November industrial production was far stronger than expected, rising 1.6% (including upward revisions to prior months) from October levels. This is one more in a growing list of indicators (e.g., bank lending, jobs growth, the ISM manufacturing index, corporate profits, and commercial real estate) which suggest the pace of U.S. economic growth is accelerating after 5 years of relatively tepid 2.3% growth. However, despite evidence of a remarkable and rather broad-based improvement in the economic outlook, the Fed is still reassuring us that monetary policy will be accommodative for a long time to come. The Fed may be asleep at the switch, but, fortunately, not the bond market vigilantes.
U.S. industrial production is up a strong 5.2%% in the past year, and over the past six months it has increased at a 5.8% annualized pace. The Eurozone, unfortunately, continues to languish. The huge and growing gap between economic conditions here and in the Eurozone helps explain why the dollar has risen almost 20% vis a vis the Euro since 2011. The dollar's strength says more about the relative strength of the U.S. economy than it does about the Fed's monetary policy. But it does jibe with the market's expectation that the Fed is quite likely to begin raising rates in the foreseeable future, whereas the ECB is being forced to resort to more QE.
Activity in the mining sector has softened in recent months, falling by roughly 1%, no doubt due to the sharp decline in oil prices which has surely all-but-halted new drilling and exploration in the sector. The chart above—which excludes the mining and utility sectors—shows strong gains in manufacturing production, which is up 4.7% in the past year, and up at a 5.5% pace in the past six months. Manufacturing production has finally hit a new all-time high.
The story is the same for business equipment production, shown in the chart above. It's up a very strong 6.5% in the past year. The U.S. economy will do just fine even if the mining sector stops growing.
According to the Fed (caveat: the Fed can only estimate, not actually measure capacity utilization) capacity utilization rates in the industrial sector of the economy have reached a post-recession high. As the chart above shows, capacity utilization rates today are almost as strong as they were before the Great Recession. Notably, the Fed's monetary policy stance (as reflected in the red line, which is the real Fed funds rate) has been very accommodative for a very long time. In past recoveries, the Fed responded much quicker to strength in the industrial sector—by tightening policy—than it has this time. This implies that the Fed is running the risk of being "too easy for too long." That (waiting too long to tighten) was one of the mistakes that contributed to the Great Recession and the rise in inflation which followed. Recall that the Fed held rates at 1% from mid-2003 to mid-2004, then began a slow-and-steady policy of raising rates for the next two years. The CPI rose from less than 2% in early 2004 to a peak of 5.6% in mid-2008 (a typically delayed response to a monetary policy error).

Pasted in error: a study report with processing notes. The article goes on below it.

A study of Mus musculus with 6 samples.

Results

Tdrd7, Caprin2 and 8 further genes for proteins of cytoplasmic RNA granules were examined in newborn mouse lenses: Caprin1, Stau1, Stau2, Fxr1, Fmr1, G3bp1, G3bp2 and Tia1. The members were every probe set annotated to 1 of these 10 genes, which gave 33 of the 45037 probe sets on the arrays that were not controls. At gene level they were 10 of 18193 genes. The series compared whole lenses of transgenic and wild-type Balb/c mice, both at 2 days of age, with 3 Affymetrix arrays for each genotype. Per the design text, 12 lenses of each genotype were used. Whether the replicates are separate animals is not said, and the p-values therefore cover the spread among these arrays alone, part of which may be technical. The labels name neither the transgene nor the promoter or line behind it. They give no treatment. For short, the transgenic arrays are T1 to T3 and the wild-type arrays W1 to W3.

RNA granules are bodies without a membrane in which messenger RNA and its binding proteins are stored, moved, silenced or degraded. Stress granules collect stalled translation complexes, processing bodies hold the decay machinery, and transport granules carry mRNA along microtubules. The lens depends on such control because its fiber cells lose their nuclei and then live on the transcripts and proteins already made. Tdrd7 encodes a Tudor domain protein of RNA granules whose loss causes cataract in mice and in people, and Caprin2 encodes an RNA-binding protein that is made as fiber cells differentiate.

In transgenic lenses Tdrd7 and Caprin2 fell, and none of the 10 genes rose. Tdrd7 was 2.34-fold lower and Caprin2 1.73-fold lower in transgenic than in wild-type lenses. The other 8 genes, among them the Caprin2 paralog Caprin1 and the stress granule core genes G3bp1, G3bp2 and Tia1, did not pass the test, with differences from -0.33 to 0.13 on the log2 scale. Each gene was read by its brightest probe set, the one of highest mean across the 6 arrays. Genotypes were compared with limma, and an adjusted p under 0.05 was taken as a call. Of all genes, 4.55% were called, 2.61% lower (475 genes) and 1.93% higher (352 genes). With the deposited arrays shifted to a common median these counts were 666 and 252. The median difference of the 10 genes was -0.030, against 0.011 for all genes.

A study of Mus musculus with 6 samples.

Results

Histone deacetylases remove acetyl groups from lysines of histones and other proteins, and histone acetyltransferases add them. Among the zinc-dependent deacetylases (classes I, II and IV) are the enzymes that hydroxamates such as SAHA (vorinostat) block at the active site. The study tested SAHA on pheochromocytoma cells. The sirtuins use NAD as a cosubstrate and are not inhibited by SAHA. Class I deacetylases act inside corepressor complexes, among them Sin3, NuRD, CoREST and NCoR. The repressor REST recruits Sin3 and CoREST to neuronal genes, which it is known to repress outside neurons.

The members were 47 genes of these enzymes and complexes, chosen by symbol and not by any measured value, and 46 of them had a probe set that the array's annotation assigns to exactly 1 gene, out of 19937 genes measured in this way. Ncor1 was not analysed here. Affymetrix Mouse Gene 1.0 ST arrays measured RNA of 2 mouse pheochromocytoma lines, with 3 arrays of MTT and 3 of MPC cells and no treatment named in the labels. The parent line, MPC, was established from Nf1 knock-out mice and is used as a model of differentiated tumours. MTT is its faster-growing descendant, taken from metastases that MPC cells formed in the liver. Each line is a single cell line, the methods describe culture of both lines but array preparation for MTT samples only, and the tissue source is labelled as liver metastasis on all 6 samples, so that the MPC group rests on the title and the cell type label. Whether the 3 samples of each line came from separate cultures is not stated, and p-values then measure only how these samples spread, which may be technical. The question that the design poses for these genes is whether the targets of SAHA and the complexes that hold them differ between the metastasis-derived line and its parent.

Fortunately, the bond market vigilantes are not asleep at the switch or fearful of the wrath of politicians. Since the end of June, as the chart above shows, real yields on 5-yr TIPS are up 85 bps. The bond market is coming down firmly on the side of an acceleration in economic activity.
The bond market's energetic response to a quickening in the pace of economic activity has gone largely unnoticed, however, because—thanks to plunging oil prices—inflation expectations have declined by almost 1% since June. As the chart above shows, nominal yields have been flat while real yields have risen: last June, the expected rate of inflation embodied in 5-yr TIPS and Treasury prices was 2.14%, and today it is 1.23%. Don't look at nominal yields, look at real yields if you want the "real" story. Real yields are increasing because growth expectations are firming. Nominal yields are not increasing (and in the case of 10-yr Treasury yields, they have fallen by 50 bps since June) because inflation expectations have fallen.
Stronger growth and lower inflation is a terrific combination. But to judge from our skittish equity and corporate bond markets, it's not yet fully appreciated.